As the second week of February, 1865 opened Maj. Gen. William T. Sherman’s armies were nearing the South Carolina capitol, Columbia. Since leaving Savannah, the Yankees had covered well over one hundred miles. In the course of their trek, the armies had crossed the Salkehatchie River and the North and South Forks of the Edisto River. The bridging of the Salkehatchie had been the most important. Winter rains had flooded its banks and the surrounding area was an overgrown swamp. This difficult terrain increased the risk of the Federals getting bogged down and delaying the march. Establishing a bridgehead on the north bank was critical to getting the columns under way. Leading the armies across the river was the XVII Corps division commanded by Maj. Gen. Joseph Anthony Mower.
Mower was considered one of the most aggressive division commanders in either of Sherman’s armies. He was a veteran of the early Mississippi Valley Campaigns, Corinth, Vicksburg and the Red River Campaign. His reputation as a hard fighter along with his experience as an Engineer during the Mexican War made Mower the ideal candidate for navigating the swollen Salkehatchie and its surrounding area.
On the first day of the operation, Mower “found the causeway through the swamp obstructed with felled timber and five bridges leading through the swamp destroyed.” Undeterred, Mower ordered up a regiment to protect his pioneers to clear a path through the swamp and open an avenue of advance for the rest of his command. The next day, Mower engaged Confederate forces and drove them back across Broxton’s Bridge. Continuing on, the Yankees encountered stiff enemy resistance. Leaving Colonel John Tillson’s brigade to occupy the Rebels on his front, Mower took the balance of his command around their flank. He then ordered the 25th Wisconsin infantry forward into the Confederate line. The Badgers “gallantly charged up the toward the enemy’s works and drove them…rapidly.”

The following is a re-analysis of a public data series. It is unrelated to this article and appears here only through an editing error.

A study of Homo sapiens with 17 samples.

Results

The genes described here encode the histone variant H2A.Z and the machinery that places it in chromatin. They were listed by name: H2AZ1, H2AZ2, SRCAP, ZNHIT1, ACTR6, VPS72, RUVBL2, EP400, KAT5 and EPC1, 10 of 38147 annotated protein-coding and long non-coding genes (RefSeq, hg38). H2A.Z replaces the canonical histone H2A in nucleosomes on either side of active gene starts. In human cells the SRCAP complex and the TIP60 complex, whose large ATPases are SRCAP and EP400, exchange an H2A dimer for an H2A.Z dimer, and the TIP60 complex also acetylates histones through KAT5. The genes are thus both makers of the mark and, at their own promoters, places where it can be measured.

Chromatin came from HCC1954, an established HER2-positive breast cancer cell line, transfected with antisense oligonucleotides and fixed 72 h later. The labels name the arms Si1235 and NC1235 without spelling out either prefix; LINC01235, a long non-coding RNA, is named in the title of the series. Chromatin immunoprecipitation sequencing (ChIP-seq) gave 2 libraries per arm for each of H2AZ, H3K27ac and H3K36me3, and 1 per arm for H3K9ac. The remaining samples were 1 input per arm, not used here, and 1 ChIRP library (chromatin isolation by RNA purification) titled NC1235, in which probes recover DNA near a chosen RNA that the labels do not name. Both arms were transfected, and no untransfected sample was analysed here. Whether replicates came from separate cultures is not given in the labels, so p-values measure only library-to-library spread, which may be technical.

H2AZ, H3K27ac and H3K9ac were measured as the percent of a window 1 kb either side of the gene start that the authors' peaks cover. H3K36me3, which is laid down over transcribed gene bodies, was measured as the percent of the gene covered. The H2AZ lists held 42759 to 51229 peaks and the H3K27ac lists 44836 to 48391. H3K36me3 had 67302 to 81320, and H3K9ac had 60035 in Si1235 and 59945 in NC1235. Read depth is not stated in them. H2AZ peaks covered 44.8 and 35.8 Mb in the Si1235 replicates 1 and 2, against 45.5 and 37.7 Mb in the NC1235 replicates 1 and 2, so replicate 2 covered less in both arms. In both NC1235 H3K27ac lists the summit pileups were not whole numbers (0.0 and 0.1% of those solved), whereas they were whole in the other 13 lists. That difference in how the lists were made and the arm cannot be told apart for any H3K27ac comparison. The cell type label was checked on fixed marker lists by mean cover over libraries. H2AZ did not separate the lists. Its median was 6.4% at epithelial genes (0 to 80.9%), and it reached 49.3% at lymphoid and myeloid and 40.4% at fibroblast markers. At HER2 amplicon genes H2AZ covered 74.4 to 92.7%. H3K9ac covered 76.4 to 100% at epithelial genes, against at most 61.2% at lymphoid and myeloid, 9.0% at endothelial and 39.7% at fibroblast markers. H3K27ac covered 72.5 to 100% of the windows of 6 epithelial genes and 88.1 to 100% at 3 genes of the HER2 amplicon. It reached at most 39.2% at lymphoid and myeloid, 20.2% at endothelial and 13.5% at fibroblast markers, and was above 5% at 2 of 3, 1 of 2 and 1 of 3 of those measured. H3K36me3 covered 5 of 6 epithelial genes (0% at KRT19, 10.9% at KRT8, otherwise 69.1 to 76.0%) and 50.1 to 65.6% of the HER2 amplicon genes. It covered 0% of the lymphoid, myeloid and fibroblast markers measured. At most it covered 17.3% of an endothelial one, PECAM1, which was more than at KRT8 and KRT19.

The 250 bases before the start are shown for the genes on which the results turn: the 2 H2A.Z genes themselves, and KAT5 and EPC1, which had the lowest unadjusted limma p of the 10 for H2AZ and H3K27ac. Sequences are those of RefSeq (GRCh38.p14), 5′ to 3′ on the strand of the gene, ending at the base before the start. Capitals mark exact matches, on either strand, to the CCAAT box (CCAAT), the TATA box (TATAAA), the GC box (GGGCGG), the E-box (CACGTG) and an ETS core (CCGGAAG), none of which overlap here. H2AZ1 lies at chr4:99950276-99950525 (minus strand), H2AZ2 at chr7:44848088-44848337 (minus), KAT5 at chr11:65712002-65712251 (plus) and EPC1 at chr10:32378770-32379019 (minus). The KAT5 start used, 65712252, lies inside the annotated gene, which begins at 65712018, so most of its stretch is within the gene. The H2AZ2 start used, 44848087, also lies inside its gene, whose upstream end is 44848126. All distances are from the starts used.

Although this action was successful, the division was still in the swamp, which Mower estimated to be about a mile long. In water at an estimated one to eight feet in depth and “mud about waist deep,” Mower set his men to felling trees for a corduroy road.
The Union pioneers took up their construction work again the following morning. A soldier from the 32nd Wisconsin remembered “our regiment went into the swamp about daylight and were in there until about four o’clock in the afternoon before they affected a crossing. The woods were too thick to use much artillery but the musketry fire was murderous, a continual roll all the while. We drove the enemy from his fortifications and captured about thirty prisoners…our regt. got great praise from the Genl. commanding.”
By the end of the third day of the operation, Mower’s division had opened a route across the Salkehatchie and its surrounding swamps for the armies. Mower would shower praise on his men, writing that “no troops could behave better than did those of my division, they being in the water for nearly two days…they endured this without murmuring, seeming to feel confident that their labors would be crowned with success.” At the same time, the praise was reciprocated.
During the fighting, Mower had spent much of his time on the front lines with his soldiers, often sleeping in the icy swamp with them. His actions endeared him to his men and one morning after rising, Mower was seen to shake a heavy frost off his coat. The soldiers who witnessed this gave him the sobriquet “Swamp Lizard.” Interestingly, Mower was no stranger to nicknames. He had become known as “the Wolf” earlier in the war for a daring reconnaissance prior to the Battle of Iuka.
I would like to extend a special thank you to Dr. John Coski of the Museum of the Confederacy. Dr. Coski generously provided a copy of an ancestor’s letter that was used in this post.